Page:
Starbucks Hong Kong will turn its used coffee and pastries into plastic


Turning food items into other useful, biodegradable materials is not a new idea—corn has been used for such purposes for quite a while—but usually these food items are grown especially for these uses, which somewhat defeats the point. Using a new process developed by Carol S. K. Lin at the City University of Hong Kong, waste such as stale baked goods can be turned into something completely new. In a demonstration of the new technology, the university transformed food waste from its cafeteria into new, biodegradable materials.

As pointed out by Popular Science, Lin, working as part of a nonprofit research group, has teamed up with Starbucks, and will now turn the coffee chain's waste into a substance called succinic acid. Succinic acid can be used as a base for numerous other products, such as plastic, laundry detergents, and even medicine.

By mixing the used coffee grounds and pastries with a special kind of fungus, the carbohydrates are broken down into simple sugars. Bacteria then turn these sugars into succinic acid. With Starbucks Hong Kong alone producing 5000 tons of used grounds and uneaten bakery items every year, one can only imagine the amount of waste generated by Starbucks worldwide.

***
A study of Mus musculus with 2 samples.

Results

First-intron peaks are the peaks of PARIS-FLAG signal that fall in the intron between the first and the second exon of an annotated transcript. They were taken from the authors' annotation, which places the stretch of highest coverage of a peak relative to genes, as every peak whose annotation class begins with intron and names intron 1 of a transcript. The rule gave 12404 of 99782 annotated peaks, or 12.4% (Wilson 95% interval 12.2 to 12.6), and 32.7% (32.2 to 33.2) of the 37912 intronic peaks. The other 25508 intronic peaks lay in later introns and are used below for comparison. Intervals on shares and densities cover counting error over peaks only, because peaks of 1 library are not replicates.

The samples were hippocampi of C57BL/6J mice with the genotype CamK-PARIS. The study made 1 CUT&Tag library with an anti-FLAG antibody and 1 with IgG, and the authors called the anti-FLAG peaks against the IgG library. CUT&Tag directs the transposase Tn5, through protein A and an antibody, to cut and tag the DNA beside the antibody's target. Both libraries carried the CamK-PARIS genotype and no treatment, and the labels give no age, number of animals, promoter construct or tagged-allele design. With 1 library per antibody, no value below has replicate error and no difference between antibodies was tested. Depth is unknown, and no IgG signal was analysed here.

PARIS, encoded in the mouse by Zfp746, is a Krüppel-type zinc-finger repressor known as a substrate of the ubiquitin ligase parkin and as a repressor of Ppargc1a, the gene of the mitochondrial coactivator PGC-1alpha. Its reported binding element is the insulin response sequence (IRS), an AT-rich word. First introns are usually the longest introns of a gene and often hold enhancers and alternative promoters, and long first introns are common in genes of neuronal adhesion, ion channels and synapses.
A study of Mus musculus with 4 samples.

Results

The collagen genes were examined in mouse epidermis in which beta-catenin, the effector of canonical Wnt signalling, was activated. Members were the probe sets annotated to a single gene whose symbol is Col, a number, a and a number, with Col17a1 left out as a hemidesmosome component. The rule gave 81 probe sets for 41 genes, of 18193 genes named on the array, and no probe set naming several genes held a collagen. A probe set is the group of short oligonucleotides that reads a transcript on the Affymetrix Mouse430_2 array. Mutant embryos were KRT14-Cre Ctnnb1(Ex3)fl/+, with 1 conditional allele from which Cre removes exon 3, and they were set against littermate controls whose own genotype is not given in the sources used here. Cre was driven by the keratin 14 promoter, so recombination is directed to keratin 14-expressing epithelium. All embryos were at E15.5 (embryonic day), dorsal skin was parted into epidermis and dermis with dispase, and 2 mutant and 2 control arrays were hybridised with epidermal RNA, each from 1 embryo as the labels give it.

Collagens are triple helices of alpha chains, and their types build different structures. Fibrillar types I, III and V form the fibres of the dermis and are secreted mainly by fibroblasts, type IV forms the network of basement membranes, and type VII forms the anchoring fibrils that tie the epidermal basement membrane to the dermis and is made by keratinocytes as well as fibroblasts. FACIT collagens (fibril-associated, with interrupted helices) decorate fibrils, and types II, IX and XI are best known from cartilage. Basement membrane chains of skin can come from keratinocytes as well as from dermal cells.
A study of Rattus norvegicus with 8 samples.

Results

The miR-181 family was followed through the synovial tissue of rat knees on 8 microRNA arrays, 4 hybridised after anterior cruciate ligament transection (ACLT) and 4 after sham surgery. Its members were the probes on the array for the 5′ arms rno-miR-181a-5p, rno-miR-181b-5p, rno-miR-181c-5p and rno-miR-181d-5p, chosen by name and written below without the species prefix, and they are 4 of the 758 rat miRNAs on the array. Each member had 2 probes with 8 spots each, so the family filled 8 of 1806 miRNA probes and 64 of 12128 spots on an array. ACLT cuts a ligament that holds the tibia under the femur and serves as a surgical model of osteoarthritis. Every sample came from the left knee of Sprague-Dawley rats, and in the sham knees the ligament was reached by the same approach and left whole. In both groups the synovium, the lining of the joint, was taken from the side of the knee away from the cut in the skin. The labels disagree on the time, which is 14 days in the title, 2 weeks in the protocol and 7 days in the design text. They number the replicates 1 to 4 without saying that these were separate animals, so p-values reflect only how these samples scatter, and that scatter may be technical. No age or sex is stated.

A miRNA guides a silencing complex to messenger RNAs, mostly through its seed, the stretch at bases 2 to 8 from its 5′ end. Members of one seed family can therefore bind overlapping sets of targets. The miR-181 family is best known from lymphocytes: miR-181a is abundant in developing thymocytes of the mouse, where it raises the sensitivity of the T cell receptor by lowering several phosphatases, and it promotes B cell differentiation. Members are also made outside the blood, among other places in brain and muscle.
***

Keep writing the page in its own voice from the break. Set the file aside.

Currently, this venture is only happening in Hong Kong, but with some luck and funding, the process could expand to Starbucks outlets all over the world, and, one hopes, to other chains as well. So the next time you throw away a half-eaten donut, think of all the things it can be when it grows up!

This story, "Starbucks Hong Kong will turn its used coffee and pastries into plastic" was originally published by TechHive.